Mylan hires Adele Gulfo to head global collaboration, strategic operations
PITTSBURGH — Generic drug maker Mylan has hired a former Pfizer executive to its executive leadership team.
The company announced Wednesday the appointment of Adele Gulf as EVP global collaboration and strategic operations. Before working for Mylan, Gulfo served as regional president of Latin America for Pfizer’s Emerging Markets Business Unit, overseeing more than 4,000 employees in 23 countries and achieving more than $3 billion in sales in Latin America in 2012.
"Adele’s rich and diverse experience in the pharmaceutical industry will bring significant strategic value and leadership to Mylan in numerous areas," Mylan CEO Heather Bresch said. "For instance, we believe Adele’s expertise will support many of our key growth drivers, including our expansion in Latin America, the development and expansion of our global specialty franchise and the development of global commercial strategies to maximize our key upcoming launches of increasingly complex generic products, such as in the biologics and respiratory areas."
Daiichi Sankyo hopes to get FDA nod for anti-clotting drug
PARSIPPANY, N.J. — Japanese drug maker Daiichi Sankyo is seeking Food and Drug Administration approval for a once-daily tablet to reduce the risk of stroke in patients with atrial fibrillation and treatment of other conditions.
Daiichi Sankyo announced the submission of a new drug application for Savaysa (edoxaban). The company also is hoping to get the FDA’s approval for the pill as a treatment for deep vein thrombosis and pulmonary embolism, as well as preventing the recurrence of symptomatic venous thromboembolism.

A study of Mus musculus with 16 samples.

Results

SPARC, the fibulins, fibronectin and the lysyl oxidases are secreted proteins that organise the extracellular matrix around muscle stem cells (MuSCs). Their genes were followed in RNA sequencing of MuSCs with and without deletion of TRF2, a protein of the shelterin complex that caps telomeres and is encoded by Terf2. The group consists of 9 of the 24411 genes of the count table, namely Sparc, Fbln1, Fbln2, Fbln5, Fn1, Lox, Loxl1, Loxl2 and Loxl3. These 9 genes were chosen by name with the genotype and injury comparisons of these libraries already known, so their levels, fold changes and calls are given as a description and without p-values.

"The NDA submission in the United States is an important milestone in the development of edoxaban and reflects our long-standing commitment to addressing the needs of patients living with cardiovascular disease, including those living with AF or VTE," said Daiichi Sanko senior executive officer and global head of research and development Glenn Gormley. "If approved, edoxaban may provide a new treatment option for physicians and their patients with these diseases."
FDA approves Bristol-Myers Squibb’s, AstraZeneca’s Farxiga
SILVER SPRING, Md. — The Food and Drug Administration has approved a new drug made by Bristol-Myers Squibb and AstraZeneca for treating Type 2 diabetes, the agency said Wednesday.
The FDA announced the approval of Farxiga (dapagliflozin) tablets, designed for use with exercise and dietary adjustments to control blood sugar. Type 2 diabetes affects about 24 million people in the United States, accounting for more than 90% of diabetes cases.
"Controlling blood sugar levels is very important in the overall treatment and care of diabetes, and Farxiga provides an additional treatment option for millions of Americans with Type 2 diabetes," FDA Office of Drug Evaluation II director Curtis Rosebraugh said.
The drug belongs to a class known as sodium-glucose co-transporter 2, or SGLT2, inhibitor. The drug works by blocking the reabsorption of glucose by the kidney, increasing glucose excretion and thereby lowering blood glucose levels.